Hiking Niagara Escarpment? Who’s up for some exercise? I am dying to experience more of the Niagara Escarpment for myself. I’ve already witnessed a few awesome Waterfalls near Dundas, and today I’m gonna stretch my legs on a 5+ km hike along the Escarpment from Rattlesnake Point to Crawford Lake. I’ve got my shoes on, done a good stretch and packed a bottle of water so I’ll stay hydrated. It is time to burn some calories and experience the Niagara Escarpment.
Both Rattlesnake Point and Crawford Lake are part of the Conservation Halton region near Burlington. It is just a 15-minute drive from Hamilton, so it is accessible no matter where you are staying in the region. Driving into the park sets the stage for the adventure ahead.
I’ve set my sights on the hike from Rattlesnake Point to Crawford Lake, but before I start that hike I take a quick detour to a short trail that takes me to the cliffs where it is popular with rock climbers. I know it is safe but I will leave that mountain to climb for someone else.
Ok, back on the trail to Crawford Lake. I start by taking the Buffalo Craig Trail loop which is also the beginning of the Nassagaweya Canyon Trail. Marked by orange trail markers, this is the path I want to follow.
The trick is to go in the direction the arrow is pointing.
The trail is fairly easy to follow at the start. Flat and well laid out I don’t even break a sweat.
There are lookout points along the way and from here you can look down and see the plains below. There is a whole lot of farmland stretched out in front of the Escarpment. If you are lucky and it’s a warm day a Turkey Vulture may just fly right by you. They call the cliffs home and can fly very close, so close that I almost was able to snap a picture of one. Close, but also very fast. I would have needed to set up a tripod and waited for the perfect shot. No regrets though as it was very cool to see a few fly past me. Back to the hike.
I’ve reached the end of the Rattlesnake Point conservation area and am now entering the Crawford Lake boundaries. This part is a bit more interesting as now I begin to hike down and back up through a canyon. At the lowest point, a creek will have to be crossed. Thankfully there is a man made trail so I don’t get soggy wet.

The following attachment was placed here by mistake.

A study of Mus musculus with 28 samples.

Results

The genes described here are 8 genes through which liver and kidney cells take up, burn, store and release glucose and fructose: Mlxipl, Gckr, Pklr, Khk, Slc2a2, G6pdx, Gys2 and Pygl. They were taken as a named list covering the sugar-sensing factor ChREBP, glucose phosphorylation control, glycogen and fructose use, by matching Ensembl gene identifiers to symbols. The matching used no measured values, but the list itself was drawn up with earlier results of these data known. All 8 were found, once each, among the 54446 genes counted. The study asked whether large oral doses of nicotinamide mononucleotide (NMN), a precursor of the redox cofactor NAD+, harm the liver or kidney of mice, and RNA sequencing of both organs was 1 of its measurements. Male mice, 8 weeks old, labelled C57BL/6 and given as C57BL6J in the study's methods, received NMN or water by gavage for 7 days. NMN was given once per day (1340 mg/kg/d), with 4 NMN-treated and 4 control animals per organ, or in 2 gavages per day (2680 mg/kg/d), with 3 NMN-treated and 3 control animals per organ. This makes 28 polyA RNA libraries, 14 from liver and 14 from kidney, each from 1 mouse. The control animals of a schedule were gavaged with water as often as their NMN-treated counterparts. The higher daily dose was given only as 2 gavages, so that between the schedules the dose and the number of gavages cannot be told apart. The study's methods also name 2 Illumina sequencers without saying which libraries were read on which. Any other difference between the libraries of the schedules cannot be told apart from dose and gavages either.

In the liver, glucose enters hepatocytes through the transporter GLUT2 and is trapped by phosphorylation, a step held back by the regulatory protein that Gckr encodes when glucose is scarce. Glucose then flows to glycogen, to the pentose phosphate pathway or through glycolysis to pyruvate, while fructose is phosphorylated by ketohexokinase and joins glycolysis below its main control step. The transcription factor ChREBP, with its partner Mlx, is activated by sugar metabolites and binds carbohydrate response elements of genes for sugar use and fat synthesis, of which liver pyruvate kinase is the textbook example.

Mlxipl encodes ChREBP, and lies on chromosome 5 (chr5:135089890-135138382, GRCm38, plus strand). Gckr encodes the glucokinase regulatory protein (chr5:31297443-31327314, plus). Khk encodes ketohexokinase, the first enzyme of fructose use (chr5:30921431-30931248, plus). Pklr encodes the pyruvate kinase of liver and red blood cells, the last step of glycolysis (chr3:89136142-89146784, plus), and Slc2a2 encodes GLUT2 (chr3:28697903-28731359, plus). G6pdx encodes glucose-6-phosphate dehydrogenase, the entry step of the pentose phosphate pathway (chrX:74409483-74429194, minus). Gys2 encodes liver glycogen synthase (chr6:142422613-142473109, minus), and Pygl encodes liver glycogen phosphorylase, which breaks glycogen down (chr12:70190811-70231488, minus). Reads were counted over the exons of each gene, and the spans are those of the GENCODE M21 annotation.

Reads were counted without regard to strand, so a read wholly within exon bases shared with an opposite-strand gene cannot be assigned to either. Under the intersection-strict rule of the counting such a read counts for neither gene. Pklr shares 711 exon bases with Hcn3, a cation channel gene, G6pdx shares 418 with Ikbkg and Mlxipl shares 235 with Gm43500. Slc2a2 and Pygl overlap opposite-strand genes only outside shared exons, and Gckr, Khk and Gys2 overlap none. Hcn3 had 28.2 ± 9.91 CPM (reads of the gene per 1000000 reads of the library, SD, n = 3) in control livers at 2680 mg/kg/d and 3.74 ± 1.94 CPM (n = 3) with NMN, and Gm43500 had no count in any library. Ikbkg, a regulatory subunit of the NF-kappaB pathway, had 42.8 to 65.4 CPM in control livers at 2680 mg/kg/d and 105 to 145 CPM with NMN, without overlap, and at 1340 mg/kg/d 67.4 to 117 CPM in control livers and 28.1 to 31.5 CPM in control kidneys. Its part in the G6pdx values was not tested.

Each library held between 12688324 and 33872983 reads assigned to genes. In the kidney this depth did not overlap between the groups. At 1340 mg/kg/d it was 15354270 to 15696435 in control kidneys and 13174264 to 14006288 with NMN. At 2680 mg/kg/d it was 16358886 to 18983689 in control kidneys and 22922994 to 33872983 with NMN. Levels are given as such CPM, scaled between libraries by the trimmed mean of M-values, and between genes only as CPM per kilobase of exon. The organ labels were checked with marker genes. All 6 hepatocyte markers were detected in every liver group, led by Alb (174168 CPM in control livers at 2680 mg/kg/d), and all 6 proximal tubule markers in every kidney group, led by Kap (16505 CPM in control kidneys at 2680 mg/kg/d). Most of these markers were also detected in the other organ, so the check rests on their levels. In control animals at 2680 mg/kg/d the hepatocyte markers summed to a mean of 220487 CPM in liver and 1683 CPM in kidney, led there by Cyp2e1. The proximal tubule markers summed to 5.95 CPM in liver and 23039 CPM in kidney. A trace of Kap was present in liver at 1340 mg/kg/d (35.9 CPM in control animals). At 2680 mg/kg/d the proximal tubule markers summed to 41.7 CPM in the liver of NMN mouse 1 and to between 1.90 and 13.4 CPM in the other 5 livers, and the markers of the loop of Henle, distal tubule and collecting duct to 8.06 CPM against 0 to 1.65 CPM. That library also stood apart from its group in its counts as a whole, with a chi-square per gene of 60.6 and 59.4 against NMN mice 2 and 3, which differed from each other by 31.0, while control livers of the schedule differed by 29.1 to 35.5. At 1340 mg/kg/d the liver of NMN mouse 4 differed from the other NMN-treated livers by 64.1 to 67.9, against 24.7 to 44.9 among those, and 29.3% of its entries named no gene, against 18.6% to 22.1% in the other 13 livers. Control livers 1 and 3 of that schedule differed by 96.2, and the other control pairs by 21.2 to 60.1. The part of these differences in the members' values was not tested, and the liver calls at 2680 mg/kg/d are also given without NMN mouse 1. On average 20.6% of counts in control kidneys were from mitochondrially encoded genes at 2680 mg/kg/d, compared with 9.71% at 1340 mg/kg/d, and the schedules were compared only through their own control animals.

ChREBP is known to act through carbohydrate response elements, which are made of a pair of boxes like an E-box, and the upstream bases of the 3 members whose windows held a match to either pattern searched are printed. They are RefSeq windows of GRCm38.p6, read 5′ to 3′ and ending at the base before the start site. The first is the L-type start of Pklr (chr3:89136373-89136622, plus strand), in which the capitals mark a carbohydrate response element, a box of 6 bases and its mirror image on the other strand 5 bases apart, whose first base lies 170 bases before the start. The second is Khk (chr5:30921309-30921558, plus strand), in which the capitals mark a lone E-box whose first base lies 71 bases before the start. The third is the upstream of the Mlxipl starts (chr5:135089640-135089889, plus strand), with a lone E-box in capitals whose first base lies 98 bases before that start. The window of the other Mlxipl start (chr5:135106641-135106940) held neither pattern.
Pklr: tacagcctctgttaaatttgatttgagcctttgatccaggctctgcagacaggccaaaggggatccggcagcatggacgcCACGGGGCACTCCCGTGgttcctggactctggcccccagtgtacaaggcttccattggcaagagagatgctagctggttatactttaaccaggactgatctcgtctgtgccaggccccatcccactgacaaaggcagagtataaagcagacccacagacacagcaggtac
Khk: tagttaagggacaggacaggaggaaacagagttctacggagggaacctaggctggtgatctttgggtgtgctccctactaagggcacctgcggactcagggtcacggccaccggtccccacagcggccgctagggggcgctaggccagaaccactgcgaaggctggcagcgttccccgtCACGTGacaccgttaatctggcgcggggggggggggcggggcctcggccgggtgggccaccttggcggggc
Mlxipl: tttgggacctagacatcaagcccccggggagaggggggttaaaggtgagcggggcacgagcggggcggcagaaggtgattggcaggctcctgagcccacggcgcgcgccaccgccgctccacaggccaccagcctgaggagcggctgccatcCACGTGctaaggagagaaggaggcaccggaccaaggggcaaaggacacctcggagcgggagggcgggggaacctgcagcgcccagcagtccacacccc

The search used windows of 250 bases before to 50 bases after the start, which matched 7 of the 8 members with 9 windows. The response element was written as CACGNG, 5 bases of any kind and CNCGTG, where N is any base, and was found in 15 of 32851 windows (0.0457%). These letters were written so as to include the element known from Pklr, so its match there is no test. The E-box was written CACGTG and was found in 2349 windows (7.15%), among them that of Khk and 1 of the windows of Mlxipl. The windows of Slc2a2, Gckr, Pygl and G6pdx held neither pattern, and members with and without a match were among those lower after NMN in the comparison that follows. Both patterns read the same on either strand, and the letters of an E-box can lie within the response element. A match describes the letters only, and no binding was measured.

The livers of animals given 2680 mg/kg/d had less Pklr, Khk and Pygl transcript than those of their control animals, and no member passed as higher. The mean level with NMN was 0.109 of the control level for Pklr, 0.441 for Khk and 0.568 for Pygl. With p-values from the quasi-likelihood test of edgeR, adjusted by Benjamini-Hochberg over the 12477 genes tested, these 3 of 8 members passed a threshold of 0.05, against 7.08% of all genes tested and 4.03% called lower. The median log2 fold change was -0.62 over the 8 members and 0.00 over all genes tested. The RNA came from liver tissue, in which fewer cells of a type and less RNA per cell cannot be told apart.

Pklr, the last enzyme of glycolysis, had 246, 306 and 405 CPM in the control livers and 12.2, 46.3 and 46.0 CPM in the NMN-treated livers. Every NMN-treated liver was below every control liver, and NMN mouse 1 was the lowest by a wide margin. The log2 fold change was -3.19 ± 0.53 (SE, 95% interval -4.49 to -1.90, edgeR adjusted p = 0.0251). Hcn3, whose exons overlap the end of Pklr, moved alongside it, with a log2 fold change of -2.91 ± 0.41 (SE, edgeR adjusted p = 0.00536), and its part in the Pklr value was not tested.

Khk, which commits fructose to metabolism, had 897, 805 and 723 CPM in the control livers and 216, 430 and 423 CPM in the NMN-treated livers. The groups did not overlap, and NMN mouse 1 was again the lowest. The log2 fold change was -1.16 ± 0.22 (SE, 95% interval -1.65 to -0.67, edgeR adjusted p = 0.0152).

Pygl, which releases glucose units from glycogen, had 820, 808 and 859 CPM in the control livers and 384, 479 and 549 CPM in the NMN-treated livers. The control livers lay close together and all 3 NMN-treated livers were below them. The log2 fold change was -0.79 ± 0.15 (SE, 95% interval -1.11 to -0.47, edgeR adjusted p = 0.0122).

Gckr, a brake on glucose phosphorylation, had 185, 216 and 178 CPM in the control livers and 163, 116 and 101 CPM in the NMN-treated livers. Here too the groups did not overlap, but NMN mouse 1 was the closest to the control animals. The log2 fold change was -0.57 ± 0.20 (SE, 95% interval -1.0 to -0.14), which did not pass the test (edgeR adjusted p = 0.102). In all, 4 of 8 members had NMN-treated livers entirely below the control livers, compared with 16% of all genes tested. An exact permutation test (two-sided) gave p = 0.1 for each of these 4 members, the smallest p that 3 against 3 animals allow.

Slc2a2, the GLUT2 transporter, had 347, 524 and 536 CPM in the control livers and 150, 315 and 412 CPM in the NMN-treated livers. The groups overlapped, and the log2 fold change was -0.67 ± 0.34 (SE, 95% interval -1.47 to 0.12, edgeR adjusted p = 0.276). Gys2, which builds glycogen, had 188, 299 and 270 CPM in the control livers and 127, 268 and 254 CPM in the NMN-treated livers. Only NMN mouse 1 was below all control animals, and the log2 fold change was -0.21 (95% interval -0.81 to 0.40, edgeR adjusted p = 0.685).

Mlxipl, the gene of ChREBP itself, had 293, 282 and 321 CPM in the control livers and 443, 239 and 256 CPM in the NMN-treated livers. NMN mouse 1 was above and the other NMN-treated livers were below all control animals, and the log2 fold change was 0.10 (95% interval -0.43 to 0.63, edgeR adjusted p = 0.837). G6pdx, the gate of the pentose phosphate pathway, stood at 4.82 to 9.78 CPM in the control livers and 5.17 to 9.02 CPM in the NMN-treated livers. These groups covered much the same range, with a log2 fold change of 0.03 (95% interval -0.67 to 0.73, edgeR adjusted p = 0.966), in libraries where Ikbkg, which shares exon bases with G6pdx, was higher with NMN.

Remember I said to follow the orange arrows? Well, I got a little distracted and took a wrong turn. Not to worry though I figured it out quickly and headed back in the right direction towards the Crawford Lake Visitor Centre.
The prize at the end of this hike? A visit to the reconstructed Iroquois Village that is right here. An archeological dig confirmed that this spot was once home to an Iroquois village dating back over 500 years. Today they have done their best to reconstruct what it would have looked like at its most populous.
During excavations from 1973 to 1987, 11 longhouses were uncovered along with various artifacts from day-to-day lives of the pre-contact First Nations groups. The reconstructed Long Houses are open to the public and at 2:15 each day a Long House tour is conducted by park staff.
In the main Long House, a Gallery has been set up to display some of the recovered artifacts and display information about the First Nations people that called this place home over 500 years ago.
It’s time to return back to Rattlesnake Point and continue on with another adventure. Back the way I came…
I hope you get to experience this hike yourself. There are other trail options and lots more to see including Crawford Lake. If you get lost don’t worry, cell reception is pretty decent inside the park. Just make sure you know the phone number to the Visitor Centre before you begin your hike. Oh and always pack water with you so you can stay hydrated. It’ll get hot and sticky on the trails during the Summer months.